Mama Miriam! Tomato Sauce

Tomato Sauce

Original recipe makes 10 quarts

Ingredients:

25 pounds plum tomatoes, cored and halved lengthwise
3 bay leaves
1 ½ tablespoons honey
1 tablespoon dried oregano
1 tablespoon salt
2 teaspoons ground black pepper
½ cup extra-virgin olive oil (EVOO)
1 pound yellow onions, finely chopped
10 cloves garlic, finely chopped
10 1-quart canning jars with rings and lids
10 teaspoons salt, divided
1 ¾ cups bottled lemon juice, divided

To make 1 Quart:

Ingredients:

2 ½ pounds plum tomatoes, cored and halved lengthwise
¼ bay leaf
½ teaspoon honey
¼ teaspoon dried oregano
¼ teaspoon salt
¼ teaspoon ground black pepper
2 ½ teaspoons extra-virgin olive oil (EVOO)
⅓ cup yellow onions, finely chopped
1 clove garlic, finely chopped
1-quart canning jar with ring and lid
1 teaspoon salt, divided
2 tablespoons and 2 ½ teaspoons bottled lemon juice, divided

Directions:

I find this first step, while a little time consuming, really helps in the end, so trust me and go with it! Blanch your tomatoes and remove the skins! Bring a large pot of water to boil. Take each of your tomatoes and score an “X” at the top and bottom of it. Drop it in the boiling water and let it roll around for a minute or so, then fish it out and plunge it into an ice bath. This will shock the tomato, and let you slide the skin off relatively easily. if you’re having difficulty, use a paring knife to remove any stubborn pieces.

Due to the sheer amount of tomatoes used in this recipe, you make want to divide it up amongst several large pots on your stove top, rather than attempting to try and do everything in one large (enormous!) pot. Place tomatoes, bay leaves, honey, oregano, 1 tablespoon salt, and black pepper in a large stockpot and cover with water. Stir to combine, cover, and bring to a low boil over medium-high heat. Remove cover and simmer 20 minutes, stirring occasionally. Remove bay leaves. Taste and adjust seasoning. Depending on the acidity of your tomatoes you may want to add more salt or more honey.

In a large skillet, heat the EVOO over medium-high heat. Cook and stir onions and garlic in the hot oil until the onions are softened but not browned, about 10 minutes. Once the tomatoes are done, you can either transfer the mixture in batches to a food processor and puree it, or use an immersion or hand blender, and just blend it in the cooking pot itself. Return the pureed sauce to the stockpot, add the cooked onions and garlic, and cook, uncovered, over medium-high heat until sauce thickens and reduces by about half, about 2 to 3 hours. Stir occasionally to prevent scorching. During this reduction time, you can make your different varieties of sauce by divvying up the sauce into smaller pots and adding additional garlic to one for a garlicky sauce, fresh basil to another for a basil sauce, or chili peppers to make a spicy sauce. You are only limited by your imagination!

Prepare quart jars and lids by heating them in boiling water in a canning kettle for at least 5 minutes. When the sauce is ready, remove jars and lids and place on dry towel. To each jar, add 1 teaspoon salt and 3 tablespoons bottled lemon juice. Ladle the hot tomato sauce into jars, leaving 1/2-inch of space at the top of each jar. Wipe jar rims with a clean, damp cloth, place lids onto jars, and screw on rings. Place filled jars in the canning kettle. Return water to a simmer, adding more water if needed to cover the jars by at least 1/2 inch. Cover kettle and bring water to a boil. Cook at a steady boil to process the jars until fully sealed, about 45 minutes (add more water if needed). Turn off heat and let jars rest 5 minutes before removing and cooling on a clean, dry towel placed on kitchen counter or table. Check that the lids have sealed, and store in a cool, dark place for up to 1 year.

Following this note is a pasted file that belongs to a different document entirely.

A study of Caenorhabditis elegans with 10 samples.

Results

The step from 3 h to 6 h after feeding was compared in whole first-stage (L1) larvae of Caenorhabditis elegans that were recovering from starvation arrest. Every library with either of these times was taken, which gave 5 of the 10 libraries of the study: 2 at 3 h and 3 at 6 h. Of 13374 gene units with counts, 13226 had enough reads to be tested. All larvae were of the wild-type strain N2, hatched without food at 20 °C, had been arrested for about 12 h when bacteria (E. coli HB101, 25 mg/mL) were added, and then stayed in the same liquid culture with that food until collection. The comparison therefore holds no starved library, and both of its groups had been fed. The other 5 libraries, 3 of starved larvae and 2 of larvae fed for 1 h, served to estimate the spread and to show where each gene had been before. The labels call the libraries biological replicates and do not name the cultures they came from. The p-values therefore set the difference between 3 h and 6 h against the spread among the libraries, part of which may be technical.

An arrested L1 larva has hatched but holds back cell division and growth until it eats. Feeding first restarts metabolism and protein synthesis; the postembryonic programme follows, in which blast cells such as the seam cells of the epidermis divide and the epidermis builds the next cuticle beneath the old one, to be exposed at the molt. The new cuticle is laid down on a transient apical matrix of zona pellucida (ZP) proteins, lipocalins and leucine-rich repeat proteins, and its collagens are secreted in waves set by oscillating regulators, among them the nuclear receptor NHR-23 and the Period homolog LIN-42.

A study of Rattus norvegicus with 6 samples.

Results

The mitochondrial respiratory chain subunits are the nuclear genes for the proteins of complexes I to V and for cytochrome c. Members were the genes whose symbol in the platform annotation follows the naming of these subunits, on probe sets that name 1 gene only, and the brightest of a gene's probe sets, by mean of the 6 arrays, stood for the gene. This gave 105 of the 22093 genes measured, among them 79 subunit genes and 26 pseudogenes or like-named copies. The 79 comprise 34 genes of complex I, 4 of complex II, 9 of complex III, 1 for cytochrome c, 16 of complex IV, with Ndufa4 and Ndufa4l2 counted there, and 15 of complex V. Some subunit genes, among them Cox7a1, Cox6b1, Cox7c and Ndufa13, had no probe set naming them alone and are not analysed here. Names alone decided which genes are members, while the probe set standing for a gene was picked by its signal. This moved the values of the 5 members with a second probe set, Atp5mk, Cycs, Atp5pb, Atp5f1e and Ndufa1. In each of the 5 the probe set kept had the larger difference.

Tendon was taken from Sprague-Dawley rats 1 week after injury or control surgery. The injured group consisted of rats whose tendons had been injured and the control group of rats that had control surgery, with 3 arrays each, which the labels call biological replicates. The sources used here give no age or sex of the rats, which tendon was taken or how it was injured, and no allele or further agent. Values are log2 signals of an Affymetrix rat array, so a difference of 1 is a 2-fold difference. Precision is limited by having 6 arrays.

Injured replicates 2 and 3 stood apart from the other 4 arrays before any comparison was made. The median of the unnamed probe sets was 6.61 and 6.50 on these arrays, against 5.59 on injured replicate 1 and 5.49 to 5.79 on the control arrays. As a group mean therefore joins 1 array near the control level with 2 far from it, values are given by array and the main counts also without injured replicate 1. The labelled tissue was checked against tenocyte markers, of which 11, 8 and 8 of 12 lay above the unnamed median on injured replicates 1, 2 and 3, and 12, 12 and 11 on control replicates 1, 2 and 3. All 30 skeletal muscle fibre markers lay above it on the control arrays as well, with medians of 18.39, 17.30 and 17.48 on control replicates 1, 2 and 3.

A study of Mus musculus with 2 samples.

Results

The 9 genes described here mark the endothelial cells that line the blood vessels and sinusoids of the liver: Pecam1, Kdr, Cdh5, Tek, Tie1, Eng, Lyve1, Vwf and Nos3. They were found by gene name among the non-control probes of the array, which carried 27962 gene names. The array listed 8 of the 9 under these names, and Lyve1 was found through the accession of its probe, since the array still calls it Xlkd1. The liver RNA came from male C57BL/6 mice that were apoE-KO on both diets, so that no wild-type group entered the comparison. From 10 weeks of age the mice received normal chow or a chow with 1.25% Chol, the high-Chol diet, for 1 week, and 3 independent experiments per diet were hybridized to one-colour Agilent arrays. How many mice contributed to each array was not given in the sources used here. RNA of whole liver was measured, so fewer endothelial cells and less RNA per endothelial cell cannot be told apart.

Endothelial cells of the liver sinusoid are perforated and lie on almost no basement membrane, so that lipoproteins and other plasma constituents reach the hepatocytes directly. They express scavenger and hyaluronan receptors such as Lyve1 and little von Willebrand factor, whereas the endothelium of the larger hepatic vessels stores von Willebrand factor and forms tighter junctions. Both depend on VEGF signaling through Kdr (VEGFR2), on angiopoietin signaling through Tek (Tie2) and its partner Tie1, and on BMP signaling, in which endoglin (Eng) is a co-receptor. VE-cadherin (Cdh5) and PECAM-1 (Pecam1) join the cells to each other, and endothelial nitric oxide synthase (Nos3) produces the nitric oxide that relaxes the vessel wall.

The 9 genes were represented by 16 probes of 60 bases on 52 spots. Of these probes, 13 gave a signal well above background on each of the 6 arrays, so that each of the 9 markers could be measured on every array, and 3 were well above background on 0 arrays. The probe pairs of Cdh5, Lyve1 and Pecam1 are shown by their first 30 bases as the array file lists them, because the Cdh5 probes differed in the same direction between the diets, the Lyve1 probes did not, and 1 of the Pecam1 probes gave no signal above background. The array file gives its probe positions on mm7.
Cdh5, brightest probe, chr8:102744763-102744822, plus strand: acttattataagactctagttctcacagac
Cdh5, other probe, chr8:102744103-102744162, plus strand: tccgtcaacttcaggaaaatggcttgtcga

Bumper Crops Day 4 – I’m Seeing Red!

Bushels of Tomatoes

Well, here it is, the last day of bumper crop week and I think I’ve saved the best for last. Tomatoes! If you’ve ever grown your own, you know you seem to go from “Man, when will I ever get a decent tomato to slice up for a salad or a sandwich?” to “What am I possibly going to do with all of these tomatoes? Can I somehow convince people that tomatoes are the new currency?” Even if you don’t grow your own, you’re bound to see bushels full at your local grocery stores and farmers market. So what can you do with all of these little red gems? Besides packing a few in your family’s lunches everyday trying to push the benefits of lycopene? (FYI tip: The lycopene found in tomatoes, is a powerful anti-oxidant, and studies have shown that it helps protect the blood vessels around the heart and neck better than vitamins A, E, or CoQ10, as well as having Cancer fighting properties. However in order for your body to properly absorb the lycopene, the tomatoes need to be cooked first, preferably in olive oil, which helps the body absorb the full benefits of the nutrient). The answer is easy! Tomato Sauce! You can set aside a few hours and make quarts and quarts of your own tomato sauce, varying between zesty, spicy, garlicky, you name it! You can make a day of it by putting on some opera, pouring a nice Chianti and pretending you’re in Rome for the day! Ciao Bella!